Reports: those stranded will likely stay in forest overnight

A SECOND FIRE along Eagle Creek Trail has separated a group of about 150 hikers Saturday. No injuries are reported, but evacuations are underway. Emergency crews are staged at the trailhead tonight.

Photo courtesy of U.S. Forest Service
A SECOND FIRE along Eagle Creek Trail has separated a group of about 150 hikers Saturday. No injuries are reported, but evacuations are underway. Emergency crews are staged at the trailhead tonight.

A second wildfire along Eagle Creek Trail, west of Cascade Locks, has trapped a group of about 150 hikers Saturday. Rescue efforts for that group and an unconfirmed number of other trail users are underway.

No one has been reported injured as of 8:40 p.m. Sept 2.

Emergency officials are not aware of any patients suffering medical issues at this incident, according to Joel Ives, Hood River County Sheriff’s deputy, as of shortly before 9 p.m.

Crews are also working to extract other, separate groups of hikers. Ives said three people on a separate trail were safely extracted. U.S. Forest Service personnel set out on foot to connect with another group of approximatively 16.

Eagle Creek Trail is closed at the trailhead. Firefighters and aircraft from the larger Indian Creek Fire are assisting with the new fire, which is burning about 50 acres.


The larger “Indian Creek Fire,” which is about eight miles up the trail, has been smoldering since July 4 and is burning around 373 acres. The two fires created a plume of smoke this afternoon that was visible from as far as Portland.

The new fire broke out this afternoon roughly one mile up the trail, according to a Forest Service social media post.

Ives said the large group of hikers — estimated at 150 — was in that area on Eagle Creek Trail, near Punch Bowl Falls. The fire separated them from the southern trailhead along Interstate 84. They hiked away to avoid the smoke, he said.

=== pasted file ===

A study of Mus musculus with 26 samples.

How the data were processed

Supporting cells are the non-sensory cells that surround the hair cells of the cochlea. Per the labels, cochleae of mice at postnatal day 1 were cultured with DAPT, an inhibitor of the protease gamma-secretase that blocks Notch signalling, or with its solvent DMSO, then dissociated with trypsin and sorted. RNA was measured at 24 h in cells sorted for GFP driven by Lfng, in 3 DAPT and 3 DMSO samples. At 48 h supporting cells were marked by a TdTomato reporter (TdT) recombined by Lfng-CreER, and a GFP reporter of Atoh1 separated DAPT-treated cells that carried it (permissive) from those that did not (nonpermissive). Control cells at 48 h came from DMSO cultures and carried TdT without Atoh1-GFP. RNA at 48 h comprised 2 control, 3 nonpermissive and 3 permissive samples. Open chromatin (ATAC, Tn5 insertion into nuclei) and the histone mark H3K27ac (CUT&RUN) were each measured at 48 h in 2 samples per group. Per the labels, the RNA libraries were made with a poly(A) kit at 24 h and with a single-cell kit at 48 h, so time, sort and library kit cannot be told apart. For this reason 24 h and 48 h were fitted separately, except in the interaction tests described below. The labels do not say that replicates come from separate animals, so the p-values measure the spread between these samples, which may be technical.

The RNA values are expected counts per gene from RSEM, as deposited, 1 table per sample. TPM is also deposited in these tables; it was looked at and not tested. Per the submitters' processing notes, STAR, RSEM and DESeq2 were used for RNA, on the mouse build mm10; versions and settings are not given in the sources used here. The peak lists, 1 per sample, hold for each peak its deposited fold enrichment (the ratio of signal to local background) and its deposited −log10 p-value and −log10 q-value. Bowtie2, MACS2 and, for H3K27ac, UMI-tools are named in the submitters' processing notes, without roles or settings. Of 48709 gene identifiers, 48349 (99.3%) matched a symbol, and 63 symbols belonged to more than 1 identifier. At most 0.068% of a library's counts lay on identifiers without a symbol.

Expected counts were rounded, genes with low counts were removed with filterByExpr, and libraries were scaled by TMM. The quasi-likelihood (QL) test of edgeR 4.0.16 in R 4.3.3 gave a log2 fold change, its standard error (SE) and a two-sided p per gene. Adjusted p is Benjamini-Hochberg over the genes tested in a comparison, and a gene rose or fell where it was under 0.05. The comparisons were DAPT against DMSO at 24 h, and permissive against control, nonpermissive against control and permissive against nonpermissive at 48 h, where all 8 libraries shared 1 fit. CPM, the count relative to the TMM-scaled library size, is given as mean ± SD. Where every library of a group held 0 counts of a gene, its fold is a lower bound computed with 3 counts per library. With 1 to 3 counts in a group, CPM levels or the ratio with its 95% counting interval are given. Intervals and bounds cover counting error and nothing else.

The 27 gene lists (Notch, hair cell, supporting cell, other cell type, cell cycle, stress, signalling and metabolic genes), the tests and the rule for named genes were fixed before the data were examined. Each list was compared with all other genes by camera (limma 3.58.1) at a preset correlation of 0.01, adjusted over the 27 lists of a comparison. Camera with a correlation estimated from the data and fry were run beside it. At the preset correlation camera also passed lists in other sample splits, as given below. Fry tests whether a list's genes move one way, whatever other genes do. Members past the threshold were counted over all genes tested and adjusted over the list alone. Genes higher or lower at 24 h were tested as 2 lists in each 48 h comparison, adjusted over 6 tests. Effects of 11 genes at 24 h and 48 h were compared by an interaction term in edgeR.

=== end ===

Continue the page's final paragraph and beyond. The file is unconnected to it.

Since then, emergency officials have had “intermittent” contact with the hikers via phone, Ives said.

Ives said shortly before 8:40 p.m. the plan was for the larger group to stay overnight on the trail, then hike out at morning light. Rescue personnel were expected to deliver supplies to the stranded hikers in the meantime.


At 5:36 p.m., Hood River County Sheriff's Office told news outlets they had received multiple reports of a wildfire on or near the Eagle Creek Trail near Cascade Locks. The reports indicated hikers were on the trail above the fire, attempting to evade the smoke.

photo

Screen capture shows Mt. Wave Search and Rescue's tweet, accessed at 9:20 p.m. Saturday.

The sheriff’s office sent multiple units to Eagle Creek Trailhead, assessing the situation, as did Cascade Locks Fire. The U.S. Forest Service responded with multiple staff. Search and Rescue volunteers were mobilized to help guide hikers safely off the trails.

Pacific Northwest Search and Rescue’s Twitter account stated, “We have teams deploying to assist the evacuation of the Eagle Creek Trail due to an active wildfire.”

The Hood River Crag Rats and Mt. Wave Rescue are among those helping in this endeavor.

This is a breaking news story. The Hood River News will post more information this weekend as it becomes available.